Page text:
Venice 2023 review: Humanist Vampire Seeking Consenting Suicidal Person (Ariane Louis-Seize)

“An assured feel-good debut that brims with witty dialogue and an original look at the genre.”

Vampires are quite picky eaters: they can only survive on human blood. All other food is life-threatening to these nocturnal half-deads. But what if you are a vampire but can’t stand the idea of killing someone? Such is the predicament of Sasha, the teenage protagonist (well, she is technically 68 years old) of Canadian director Ariane Louis-Seize’s cool and breezy dark comedy Humanist Vampire Seeking Consenting Suicidal Person. A deliciously morbid tale that skirts past its darker issues but manages to be a joyful romantic comedy about every soul, whether dead or alive, having a match, this long-titled film oozes a sophisticated cool that could make it a crowd-pleaser in certain cinephile circles.

A young Sasha gets a birthday surprise from her family when a clown comes to liven up her party. The girl is delighted but the rest of the family, a bit of a pale lot, is positively bored by the show. “I can’t take this anymore. When do we eat him?” one them laments. That’s the moment it dawns on you that this is not a regular family, and the party is meant to be more of an initiation. Little Sasha is supposed to make her first kill, because you can’t be living off baggies of blood forever, can you? The sweet girl is having none of it though, and her doting father manages to save her from trauma. No such luck for Rico the clown though; he’s dead.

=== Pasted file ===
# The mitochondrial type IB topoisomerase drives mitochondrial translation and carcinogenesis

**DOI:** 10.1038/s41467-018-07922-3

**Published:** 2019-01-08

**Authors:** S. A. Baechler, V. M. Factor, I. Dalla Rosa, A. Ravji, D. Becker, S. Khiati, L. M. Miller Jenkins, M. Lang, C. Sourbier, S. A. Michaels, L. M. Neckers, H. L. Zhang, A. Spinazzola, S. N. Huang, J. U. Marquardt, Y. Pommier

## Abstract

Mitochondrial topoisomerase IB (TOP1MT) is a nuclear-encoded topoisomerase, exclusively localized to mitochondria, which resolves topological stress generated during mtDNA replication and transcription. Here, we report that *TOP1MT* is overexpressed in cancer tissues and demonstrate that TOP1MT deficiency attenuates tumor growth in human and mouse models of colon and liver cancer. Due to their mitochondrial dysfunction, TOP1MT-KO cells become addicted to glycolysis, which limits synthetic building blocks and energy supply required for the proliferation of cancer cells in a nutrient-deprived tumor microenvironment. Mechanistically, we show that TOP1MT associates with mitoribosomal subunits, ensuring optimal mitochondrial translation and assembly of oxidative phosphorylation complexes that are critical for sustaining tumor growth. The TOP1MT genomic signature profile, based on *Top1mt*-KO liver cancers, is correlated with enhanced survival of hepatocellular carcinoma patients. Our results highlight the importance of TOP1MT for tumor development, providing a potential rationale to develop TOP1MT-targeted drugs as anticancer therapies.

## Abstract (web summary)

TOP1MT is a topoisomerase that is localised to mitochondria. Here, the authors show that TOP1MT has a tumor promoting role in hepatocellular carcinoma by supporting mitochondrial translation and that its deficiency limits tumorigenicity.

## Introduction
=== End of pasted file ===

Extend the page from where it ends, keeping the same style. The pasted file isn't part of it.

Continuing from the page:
Cut to a decade or so later, and a teenage Sasha (Sara Montpetit) still lives off the blood her parents collect for her. She has a terrible affliction: compassion. It is impossible for her to kill a human being; her fangs don’t even grow at the sight of blood! Her parents send her to live with her bloodthirsty sister (Noémie O’Farrell) in hopes that Sasha’s older sibling can help her overcome her aversion to killing for food at some point. Then suddenly a possible solution presents itself when she meets Paul (Félix-Antoine Bénard, who bears a striking resemblance to a young Anthony Michael Hall), who is about to throw himself from the roof of a bowling alley. The boy is constantly being bullied and wants to end his life. What if he offers himself to Sasha as her first victim?

As the long title already suggests, at its core this is a lighthearted comedy, if morbid comedies can be called lighthearted. Yet Humanist Vampire Seeking Consenting Suicidal Person does dig a little deeper than most rom-coms, in particular when it comes to the topic of teen suicide. It doesn’t delve too deep into the subject, but the fact that both Paul and Sasha have suicidal thoughts is quite daring for a comedy of this type, and it is precisely this issue that the film doesn’t make light of. Its message that even loners can find a match in life is a positive, albeit not a very enlightening one, and it’s a more serious layer underneath the off-kilter humour that drives the film.

The nocturnal nature of her characters mostly drives Louis-Seize to interiors, rendered in warm, earthy colours and with a bit of a middle-of-the-century look, which makes sense for people who are older than they seem. With an eclectic soundtrack, including a wonderful scene between the two teenagers set to Brenda Lee’s Emotions, and Shawn Pavlin’s moody cinematography, the film has a certain too-cool-for-school air that feels like slipping into a warm bath. An assured feel-good debut that brims with witty dialogue and is an original look at the genre, Humanist Vampire Seeking Consenting Suicidal Person is a quirky and accessible film that seems ripe for a pick-up in Francophone territories at minimum, but has the appeal to travel further.